It feels like a miracle to be talking to Joe Seaward, drummer of Oxford’s indie quartet Glass Animals. His bandmates tell NME it is a miracle. Seaward himself is certain it is. “I think that my accident shook everyone to the core,” he says, balancing his head in his hand, his fingertips tracing the outline of a deep scar on his skull. “Everyone was very close to losing a friend, a brother, a boyfriend, a son and a bandmate.” His eyes fill with tears.

In July 2018, Seaward was hit by a truck while riding his bike in Dublin. As well as a severely broken leg, Seaward suffered brain damage after a complex skull fracture: he required two lengthy, life-threatening operations to repair the damage. On waking, he found that he had no short-term memory. He couldn’t walk, talk, eat, read or write. “Everything that made me… me was taken away,” Seaward says. “And I couldn’t even remember why.”

NME is talking to the musician via an online video call, alongside his bandmates, frontman Dave Bayley, guitarist Drew MacFarlane and bassist Ed Irwin-Singer. The group should be on tour right now, but that came to an abrupt end after a gig in Hollywood last month, when the coronavirus crisis escalated. Now, they’re each in lockdown at their respective homes, working on a series of quarantine covers (so far they’ve covered the likes of Nirvana, Lana Del Rey and Bill Withers) to pass the time.

It’s a bitter time for the group. After two years of rehabilitation, Seaward had returned to performing following a series of warm-up gigs earlier this year. Bayley says that being back on stage in February was the greatest feeling: “It felt like a miracle and it was a miracle really. At one of our first shows in Manchester, everything clicked again. I remember just being so thankful that we could still do this. I couldn’t stop thinking about how lucky we were.”

Reviewing that gig, NME said: “The loudest and longest audience ovation is reserved for Seaward when he finally appeared on stage. An extended applause leaves everybody, band and audience, visibly moved.” Seaward is overwhelmed recalling the experience. “I was completely shocked by the reaction. It was more than joyous to get to that point: it was amazing and I still feel emotional thinking about it.”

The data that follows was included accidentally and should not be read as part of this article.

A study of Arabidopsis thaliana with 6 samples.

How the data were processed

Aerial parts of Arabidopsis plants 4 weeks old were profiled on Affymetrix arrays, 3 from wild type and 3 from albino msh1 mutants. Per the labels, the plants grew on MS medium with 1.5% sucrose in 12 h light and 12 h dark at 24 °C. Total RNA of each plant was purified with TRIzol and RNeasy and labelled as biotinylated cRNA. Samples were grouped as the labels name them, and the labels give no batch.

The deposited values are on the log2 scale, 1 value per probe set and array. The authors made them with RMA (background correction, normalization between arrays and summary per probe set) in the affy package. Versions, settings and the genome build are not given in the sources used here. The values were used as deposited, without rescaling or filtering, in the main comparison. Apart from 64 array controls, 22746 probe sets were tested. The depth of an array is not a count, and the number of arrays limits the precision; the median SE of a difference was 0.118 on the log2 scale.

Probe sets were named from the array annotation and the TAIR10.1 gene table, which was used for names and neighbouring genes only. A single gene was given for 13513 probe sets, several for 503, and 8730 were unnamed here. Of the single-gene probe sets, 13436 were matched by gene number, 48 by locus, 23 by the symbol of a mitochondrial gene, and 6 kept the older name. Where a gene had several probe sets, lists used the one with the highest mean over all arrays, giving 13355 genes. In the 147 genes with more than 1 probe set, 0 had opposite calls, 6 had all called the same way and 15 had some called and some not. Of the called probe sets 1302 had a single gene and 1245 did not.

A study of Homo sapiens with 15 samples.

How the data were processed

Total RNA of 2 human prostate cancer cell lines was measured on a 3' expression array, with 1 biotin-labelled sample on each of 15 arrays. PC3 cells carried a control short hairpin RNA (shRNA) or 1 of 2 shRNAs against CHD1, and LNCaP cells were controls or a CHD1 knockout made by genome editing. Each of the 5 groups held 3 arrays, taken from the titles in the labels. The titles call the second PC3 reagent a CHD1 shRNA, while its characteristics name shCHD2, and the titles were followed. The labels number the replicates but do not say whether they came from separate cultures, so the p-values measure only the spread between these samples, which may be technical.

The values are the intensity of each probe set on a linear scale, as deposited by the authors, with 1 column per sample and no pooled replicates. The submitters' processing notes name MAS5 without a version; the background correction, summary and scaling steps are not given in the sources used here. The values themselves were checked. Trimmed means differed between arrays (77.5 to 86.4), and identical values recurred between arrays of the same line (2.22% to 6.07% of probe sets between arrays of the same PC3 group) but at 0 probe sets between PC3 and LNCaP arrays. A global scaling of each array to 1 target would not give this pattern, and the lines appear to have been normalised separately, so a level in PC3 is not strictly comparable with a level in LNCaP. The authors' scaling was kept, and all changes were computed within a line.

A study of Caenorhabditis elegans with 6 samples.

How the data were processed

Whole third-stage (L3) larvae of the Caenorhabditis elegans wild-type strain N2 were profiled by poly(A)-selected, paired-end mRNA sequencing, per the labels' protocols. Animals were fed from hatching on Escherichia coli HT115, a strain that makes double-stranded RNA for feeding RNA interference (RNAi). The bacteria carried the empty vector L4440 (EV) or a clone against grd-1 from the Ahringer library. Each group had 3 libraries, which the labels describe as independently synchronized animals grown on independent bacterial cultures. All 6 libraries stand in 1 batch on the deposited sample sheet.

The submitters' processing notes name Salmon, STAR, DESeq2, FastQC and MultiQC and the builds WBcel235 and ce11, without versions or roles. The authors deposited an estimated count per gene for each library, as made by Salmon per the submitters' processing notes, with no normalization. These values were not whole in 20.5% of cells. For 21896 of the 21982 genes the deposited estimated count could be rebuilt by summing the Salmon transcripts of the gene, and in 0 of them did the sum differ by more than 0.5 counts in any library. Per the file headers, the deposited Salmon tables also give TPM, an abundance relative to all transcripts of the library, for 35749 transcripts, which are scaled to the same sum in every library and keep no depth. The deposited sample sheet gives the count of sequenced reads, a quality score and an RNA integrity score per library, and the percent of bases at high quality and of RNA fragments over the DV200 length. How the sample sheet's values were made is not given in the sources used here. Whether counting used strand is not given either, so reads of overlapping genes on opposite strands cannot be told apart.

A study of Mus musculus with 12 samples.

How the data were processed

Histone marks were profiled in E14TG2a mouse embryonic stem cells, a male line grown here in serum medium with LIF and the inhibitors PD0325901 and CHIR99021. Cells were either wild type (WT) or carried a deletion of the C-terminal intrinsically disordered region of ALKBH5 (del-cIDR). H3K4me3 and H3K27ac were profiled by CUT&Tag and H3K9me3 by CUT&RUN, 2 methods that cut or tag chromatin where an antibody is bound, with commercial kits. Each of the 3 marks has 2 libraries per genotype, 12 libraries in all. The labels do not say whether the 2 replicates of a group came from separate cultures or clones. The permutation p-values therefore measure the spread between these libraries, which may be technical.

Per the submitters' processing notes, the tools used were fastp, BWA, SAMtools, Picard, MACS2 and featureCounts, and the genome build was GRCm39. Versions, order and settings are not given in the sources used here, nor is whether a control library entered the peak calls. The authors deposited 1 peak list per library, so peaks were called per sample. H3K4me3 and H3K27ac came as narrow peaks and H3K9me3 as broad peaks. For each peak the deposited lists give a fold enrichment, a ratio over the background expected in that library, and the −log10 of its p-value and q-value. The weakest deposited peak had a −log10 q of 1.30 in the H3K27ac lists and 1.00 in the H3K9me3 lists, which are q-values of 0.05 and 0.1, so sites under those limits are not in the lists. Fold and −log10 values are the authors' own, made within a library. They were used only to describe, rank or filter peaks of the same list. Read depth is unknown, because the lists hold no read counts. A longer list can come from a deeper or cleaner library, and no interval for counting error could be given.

Irwin-Singer and MacFarlane agree. “It really was a cathartic moment,” Irwin-Singer says. “We really didn’t know if Joe would ever return.”

The events triggered an about-turn for the group: their upcoming new album, ‘Dreamland’, will be their first entirely autobiographical record. The group’s genre-fluid style, first aired on their 2014 album ‘Zaba’, combines dance, American R&B and poppy electronica, and usually sees Bayley, the group’s main songwriter, explore the lives of others. For their previous record, ‘How To Be A Human Being’, Bayley interviewed dozens of strangers he’d met on the road – everyone from fans to taxi drivers – and used their stories to create a bunch of fictional characters. It earned the group their first Mercury nomination.

“The last album saw me digging into other people’s lives and asking them quite heavy questions – quite probing stuff that I probably shouldn’t have asked,” Bayley says. “The people I spoke to were amazingly open and at the end of all that, I thought it wasn’t fair I was asking them to do this and not myself.” Only one song on the album was personal to Bayley – the emotive closer, ‘Agnes’, which tells the story of a close friend who died from suicide. It received a staggering response from fans.

“The fan response to ‘Agnes’ was totally unexpected,” Bayley says. “I’ve always been really, really afraid to write about myself. I always thought it was selfish.” Initially, the group couldn’t talk about the death of their friend publicly – nor to each other. “It was just far too painful,” Irwin-Singer explains. “That song really connected with people in a way that none of us thought it would and that led to a moment where we all sat down and talked.”